Minnesota’s redistricting battle — which is getting overshadowed by the budget battle — gets attention today in the Washington Post’s The Fix blog, with particular emphasis on how it might affect freshman U.S. Rep. Chip Cravaack.

The story says:

With the Republican state legislature and Democratic Gov. Mark Dayton unable to find any common ground on redistricting, the matter is headed for the courts. Again.

Twisting in the wind is political newcomer Cravaack, a relative unknown whose win in a Democratic-leaning northern Minnesota district last year came as a surprise to almost everyone — including many GOP strategists.

 Cravaack’s fate is centered on the Iron Range — the northeastern part of the state with one of the world’s largest concentrations of iron ore.

Other than Cravaack in the 8th, the likely redistricting outcomes shouldn’t have too much affect on how the other seven districts roll, the story says:

* Rep. Collin Peterson: The former Agriculture Committee chairman is virtually unbeatable in a general election. The interesting thing here is that the GOP-proposed map is probably better for Democrats’ long term prospects pf holding the seat. If Peterson retires (he turns 67 next week), the GOP would have a great chance to win his current district; that chance would be lessened if it’s transformed into a northern, Iron Range district. Peterson, though, given how safe he is, may want to keep his current district. If he took on the Iron Range, he could face a primary.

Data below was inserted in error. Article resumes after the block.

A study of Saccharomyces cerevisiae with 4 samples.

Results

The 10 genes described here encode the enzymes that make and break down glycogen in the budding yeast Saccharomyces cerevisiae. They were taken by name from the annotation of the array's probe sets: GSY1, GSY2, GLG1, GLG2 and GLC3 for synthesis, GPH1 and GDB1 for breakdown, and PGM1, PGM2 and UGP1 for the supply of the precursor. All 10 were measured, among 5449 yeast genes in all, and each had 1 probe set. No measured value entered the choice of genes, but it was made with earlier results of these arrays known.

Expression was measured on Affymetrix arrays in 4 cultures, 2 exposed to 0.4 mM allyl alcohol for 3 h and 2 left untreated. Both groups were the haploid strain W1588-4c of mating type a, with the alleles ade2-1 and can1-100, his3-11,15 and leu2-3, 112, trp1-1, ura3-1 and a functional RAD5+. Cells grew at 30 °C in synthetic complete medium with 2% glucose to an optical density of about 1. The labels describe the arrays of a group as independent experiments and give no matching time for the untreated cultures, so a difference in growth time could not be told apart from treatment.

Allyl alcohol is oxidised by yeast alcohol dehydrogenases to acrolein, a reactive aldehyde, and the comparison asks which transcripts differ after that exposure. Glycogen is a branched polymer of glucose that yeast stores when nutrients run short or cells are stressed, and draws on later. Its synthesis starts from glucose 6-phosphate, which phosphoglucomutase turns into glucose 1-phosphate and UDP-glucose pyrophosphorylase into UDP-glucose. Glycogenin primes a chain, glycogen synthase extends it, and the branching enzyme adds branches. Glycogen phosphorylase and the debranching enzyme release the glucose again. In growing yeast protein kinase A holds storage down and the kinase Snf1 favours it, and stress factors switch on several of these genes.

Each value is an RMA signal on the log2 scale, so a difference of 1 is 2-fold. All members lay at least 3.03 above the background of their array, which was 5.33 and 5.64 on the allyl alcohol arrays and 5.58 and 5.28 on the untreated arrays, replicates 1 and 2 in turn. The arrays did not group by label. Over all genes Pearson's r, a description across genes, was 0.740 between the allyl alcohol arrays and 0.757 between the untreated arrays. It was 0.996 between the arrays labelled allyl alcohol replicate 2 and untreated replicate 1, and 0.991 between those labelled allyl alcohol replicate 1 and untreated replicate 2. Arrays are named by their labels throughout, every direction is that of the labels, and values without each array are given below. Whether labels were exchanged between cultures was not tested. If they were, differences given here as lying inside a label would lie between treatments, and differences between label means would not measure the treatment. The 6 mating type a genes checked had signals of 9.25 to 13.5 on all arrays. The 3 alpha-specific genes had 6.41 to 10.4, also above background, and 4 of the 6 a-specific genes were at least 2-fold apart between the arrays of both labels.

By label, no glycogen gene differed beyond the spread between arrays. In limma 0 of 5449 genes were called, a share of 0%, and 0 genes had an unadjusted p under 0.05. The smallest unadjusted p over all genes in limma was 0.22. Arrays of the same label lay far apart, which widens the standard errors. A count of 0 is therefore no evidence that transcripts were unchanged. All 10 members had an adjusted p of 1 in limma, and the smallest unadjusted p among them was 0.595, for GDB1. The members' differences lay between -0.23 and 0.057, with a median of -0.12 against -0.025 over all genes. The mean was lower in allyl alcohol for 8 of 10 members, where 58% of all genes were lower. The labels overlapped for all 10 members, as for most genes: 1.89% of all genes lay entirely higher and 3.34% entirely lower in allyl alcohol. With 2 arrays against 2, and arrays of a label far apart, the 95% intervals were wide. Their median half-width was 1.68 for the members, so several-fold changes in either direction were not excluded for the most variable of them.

* Rep. Michele Bachmann: Her suburban/exurban 6th district runs across the northern end of the Twin Cities and is likely to remain conservative-leaning no matter what. One thing to keep an eye on: She has said she’s not running for reelection during her presidential campaign (she could easily jump back if she doesn’t win the nomination, though), and Cravaack doesn’t live far away. Does he run in this district if he gets a tough shake from the courts?

* Rep. Erik Paulsen (R): Democrats attempted to win his suburban Minneapolis 3rd district seat when it was open in 2008, but Paulsen has proven a solid campaigner. With Minneapolis Rep. Keith Ellison’s (D) 5th district needing to pick up significant territory and Bachmann’s district needing to shed population, Paulsen has two avenues for making his district more conservative. The GOP proposal tried to extend Paulsen out west into conservative counties currently held by Peterson and Rep. John Kline (R), but that may be wishful thinking.

* Rep. Tim Walz (D): Republicans tried to give Walz everything south of the Minnesota River in southwestern Minnesota. But that was more of an effort to move things around for Cravaack and Paulsen, and didn’t change things much for Walz. Walz’s swing 1st district along the southern border is very likely to stay in the same georgaphic territory and remain competitive.

* [Rep. Keith] Ellison and Rep. Betty McCollum (D): Both need their urban districts (McCollum represents St. Paul) to pick up population and will remain safe. There had been some talk of the GOP pushing for one combined Minneapolis-St. Paul district, but that would be pretty drastic and could compromise the three GOP-held districts in the suburbs and exurbs. And the courts almost definitely won’t do that.

* Rep. John Kline (R): The south suburban 2nd district gave Obama 48 percent in 2008 and may switch a county here or there. But this has been the only GOP-held district that Democrats haven’t made a real effort to grab in recent years. And it will likely stay that way.